In Sheldon Adelson, Far Right Israel Hits the Jackpot
Editor’s note: This editorial was published in the November/December 2018 issue of The American Conservative.
A bet on Donald Trump for president may have seemed risky two years ago. But for billionaire casino magnate Sheldon Adelson, the payout has been spectacular.
The 85-year-old and his wife Miriam gave $82 million to Republicans and candidate Trump in 2016, and within two years watched their man execute two major Adelson asks: moving the U.S. embassy in Israel to Jerusalem, and withdrawing from the Iran nuclear deal.
This was accomplished in consultation with Adelson comprador John Bolton, who in December 2016 promised members of the American Friends of Beit El that Trump would not only move the embassy—declaring Jerusalem the true capital of Israel—but that he would not oppose any Jewish settlement expansion in the West Bank territories. Adelson is also credited with opening the door for Bolton’s appointment to national security adviser in March.
[Editor’s note: After this piece was published, Trump awarded Miriam Adelson the Presidential Medal of Freedom on Nov. 16]
Meanwhile, Adelson has enjoyed a direct line to Trump, speaking with him in person and on the phone at least once a month. Most recently Adelson was able to convince the president to cut off U.S. aid to Palestinian refugees living in crowded, dirty, and unrelentingly hopeless refugee camps outside Israel. Around the same time, Trump withdrew $25 million in assistance from impoverished East Jerusalem hospitals that also serve Palestinian cancer patients allowed in from the West Bank and Gaza for treatment.
Of course, Adelson’s pro-Zionist agenda, which includes expanding the settlements as far as they can go—most recently pouring his money into a huge new Israeli medical university on one of those settlements—is in sync with Israeli Prime Minister Benjamin Netanyahu and his Likud party. It’s been a great year for all involved.
And why not? For the first time in recent presidential history, there is no pretense of peace with the Arabs. Trump’s endorsement of a two-state solution at the recent United Nations General Assembly in September may have appeared hopeful, but it was as lame as it was patronizing. “I like [a] two-state solution,” Trump offered spontaneously, posing for smiling photographs with Netanyahu. “That’s what I think works best. That’s my feeling.”
For someone who supposedly has a “peace plan” but hasn’t announced it after two years in office, his “feelings” are as worthless as poker chips outside a casino. Maybe that’s why Bibi didn’t offer much of a response. After declaring he would consider Trump’s non-existent plan “with a keen and open mind,” Netanyahu reiterated that any Palestinian state endorsed by Israel will be an unarmed one. So not really a state at all.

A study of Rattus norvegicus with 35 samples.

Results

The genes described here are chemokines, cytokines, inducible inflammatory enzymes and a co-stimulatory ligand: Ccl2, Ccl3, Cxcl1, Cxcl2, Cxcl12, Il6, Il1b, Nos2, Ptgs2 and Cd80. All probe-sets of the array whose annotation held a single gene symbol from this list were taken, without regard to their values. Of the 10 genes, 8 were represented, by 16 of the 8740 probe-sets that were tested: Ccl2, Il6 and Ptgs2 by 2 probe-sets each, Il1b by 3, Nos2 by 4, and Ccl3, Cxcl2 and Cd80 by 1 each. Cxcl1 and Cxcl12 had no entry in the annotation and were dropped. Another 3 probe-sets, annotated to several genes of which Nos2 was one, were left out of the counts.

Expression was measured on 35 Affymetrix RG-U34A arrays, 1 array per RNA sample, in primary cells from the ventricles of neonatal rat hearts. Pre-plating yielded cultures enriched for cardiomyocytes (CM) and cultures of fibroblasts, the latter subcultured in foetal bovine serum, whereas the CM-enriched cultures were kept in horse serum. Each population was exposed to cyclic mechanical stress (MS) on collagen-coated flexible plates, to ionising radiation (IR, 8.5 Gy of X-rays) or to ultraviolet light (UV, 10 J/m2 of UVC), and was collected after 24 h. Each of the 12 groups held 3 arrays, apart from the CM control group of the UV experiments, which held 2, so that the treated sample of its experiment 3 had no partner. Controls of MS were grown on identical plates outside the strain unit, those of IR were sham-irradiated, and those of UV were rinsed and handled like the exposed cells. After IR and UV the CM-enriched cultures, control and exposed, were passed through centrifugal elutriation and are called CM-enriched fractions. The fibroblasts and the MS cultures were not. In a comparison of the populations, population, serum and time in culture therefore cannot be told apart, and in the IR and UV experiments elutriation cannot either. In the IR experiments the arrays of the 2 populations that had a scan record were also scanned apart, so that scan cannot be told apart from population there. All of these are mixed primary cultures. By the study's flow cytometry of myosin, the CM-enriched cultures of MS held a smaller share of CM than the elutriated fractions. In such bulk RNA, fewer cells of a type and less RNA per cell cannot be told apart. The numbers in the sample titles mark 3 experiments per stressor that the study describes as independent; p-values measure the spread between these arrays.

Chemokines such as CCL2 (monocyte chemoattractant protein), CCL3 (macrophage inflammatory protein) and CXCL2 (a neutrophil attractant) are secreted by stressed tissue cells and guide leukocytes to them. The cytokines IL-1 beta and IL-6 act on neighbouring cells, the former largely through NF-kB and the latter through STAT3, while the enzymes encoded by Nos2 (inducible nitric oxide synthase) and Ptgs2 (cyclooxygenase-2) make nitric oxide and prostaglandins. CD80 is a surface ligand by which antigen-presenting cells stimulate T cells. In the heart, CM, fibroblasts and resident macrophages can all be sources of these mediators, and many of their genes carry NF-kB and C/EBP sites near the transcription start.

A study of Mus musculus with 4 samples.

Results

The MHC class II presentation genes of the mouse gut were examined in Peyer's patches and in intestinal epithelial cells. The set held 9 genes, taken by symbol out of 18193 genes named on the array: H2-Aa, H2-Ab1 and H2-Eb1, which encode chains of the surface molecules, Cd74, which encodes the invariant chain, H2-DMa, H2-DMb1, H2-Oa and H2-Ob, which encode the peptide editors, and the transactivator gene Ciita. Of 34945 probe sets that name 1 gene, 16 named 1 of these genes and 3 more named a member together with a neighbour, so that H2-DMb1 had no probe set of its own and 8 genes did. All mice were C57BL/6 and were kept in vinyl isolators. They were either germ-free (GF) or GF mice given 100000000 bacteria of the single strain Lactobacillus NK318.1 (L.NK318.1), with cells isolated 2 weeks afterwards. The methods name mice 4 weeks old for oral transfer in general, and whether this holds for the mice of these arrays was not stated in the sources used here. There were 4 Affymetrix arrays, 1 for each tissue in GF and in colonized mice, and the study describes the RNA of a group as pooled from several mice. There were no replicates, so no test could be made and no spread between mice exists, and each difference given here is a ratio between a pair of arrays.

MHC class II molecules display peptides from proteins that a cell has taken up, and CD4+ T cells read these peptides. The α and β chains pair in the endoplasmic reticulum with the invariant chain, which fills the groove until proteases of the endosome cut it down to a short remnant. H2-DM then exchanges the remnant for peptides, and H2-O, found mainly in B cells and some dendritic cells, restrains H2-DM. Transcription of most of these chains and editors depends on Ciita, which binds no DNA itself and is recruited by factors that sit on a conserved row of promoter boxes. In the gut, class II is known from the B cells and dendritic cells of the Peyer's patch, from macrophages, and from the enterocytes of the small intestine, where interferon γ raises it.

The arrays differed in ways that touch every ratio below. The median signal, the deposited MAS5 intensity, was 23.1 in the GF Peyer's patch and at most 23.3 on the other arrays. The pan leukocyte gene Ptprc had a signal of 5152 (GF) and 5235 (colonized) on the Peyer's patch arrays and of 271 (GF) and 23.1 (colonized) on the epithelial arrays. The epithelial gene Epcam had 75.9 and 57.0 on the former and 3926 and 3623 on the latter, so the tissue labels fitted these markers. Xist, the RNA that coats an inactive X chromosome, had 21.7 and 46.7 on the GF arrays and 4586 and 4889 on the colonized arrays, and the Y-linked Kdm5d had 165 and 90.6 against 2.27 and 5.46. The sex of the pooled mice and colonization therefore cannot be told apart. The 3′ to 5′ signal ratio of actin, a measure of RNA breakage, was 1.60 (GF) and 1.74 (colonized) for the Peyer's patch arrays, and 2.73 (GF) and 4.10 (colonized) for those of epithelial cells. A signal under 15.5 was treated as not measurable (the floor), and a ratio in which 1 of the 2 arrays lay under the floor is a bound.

Plus, actions matter. Not long after Adelson (and, it turns out, Netanyahu) encouraged Trump to strip all funding (an estimated $300 million allocated in 2018) from a UN agency tasked since 1950 with providing aid for Palestinian refugees, Trump abruptly closed the Palestinian Liberation Organization (PLO) offices in Washington—the only diplomatic conduit between the U.S. and the Palestinian National Authority. The reason given: “PLO leadership has condemned a U.S. peace plan they have not yet seen and refused to engage with the U.S. government with respect to peace efforts and otherwise.”
This is rich, considering the administration’s aggressive behavior and the friends it keeps—including Adelson. Moreover, Trump’s point man for the peace plan is none other than his son-in-law Jared Kushner, whose family has generously supported the aforementioned Beit El settlement and is old friends with Netanyahu. Kushner was the primary agitator behind yanking the refugee funding, calling the aid an entitlement program and the withholding of it a punishment for Palestinian leaders who vilify the administration.
More cynically, reports indicate he is merely helping Israelis end-run “right of return” for Palestinians and their kin displaced during the 1948 Arab-Israeli War. Similarly, the embassy move was designed to take the contested issue of Jerusalem “off the table.” Meanwhile, Netanyahu’s government just passed a nation-state law that declares Israel a Jewish state, one that affirms Jewish settlements and the right to self-determination for Israeli Jews only, codifying, in essence, that the 1.8 million Arabs living there are second-class citizens. This loads the dice before the games even begin.
Only people like Kushner and Adelson, who at a net worth of $42.5 billion is the 16th richest man on the planet, would see withholding food, education, and healthcare as way of “disappearing” a problem to gain leverage in future negotiations. Only Trump would consider that the “art of the deal.”
If this is “winning,” let’s hope this is one jackpot the White House never hits.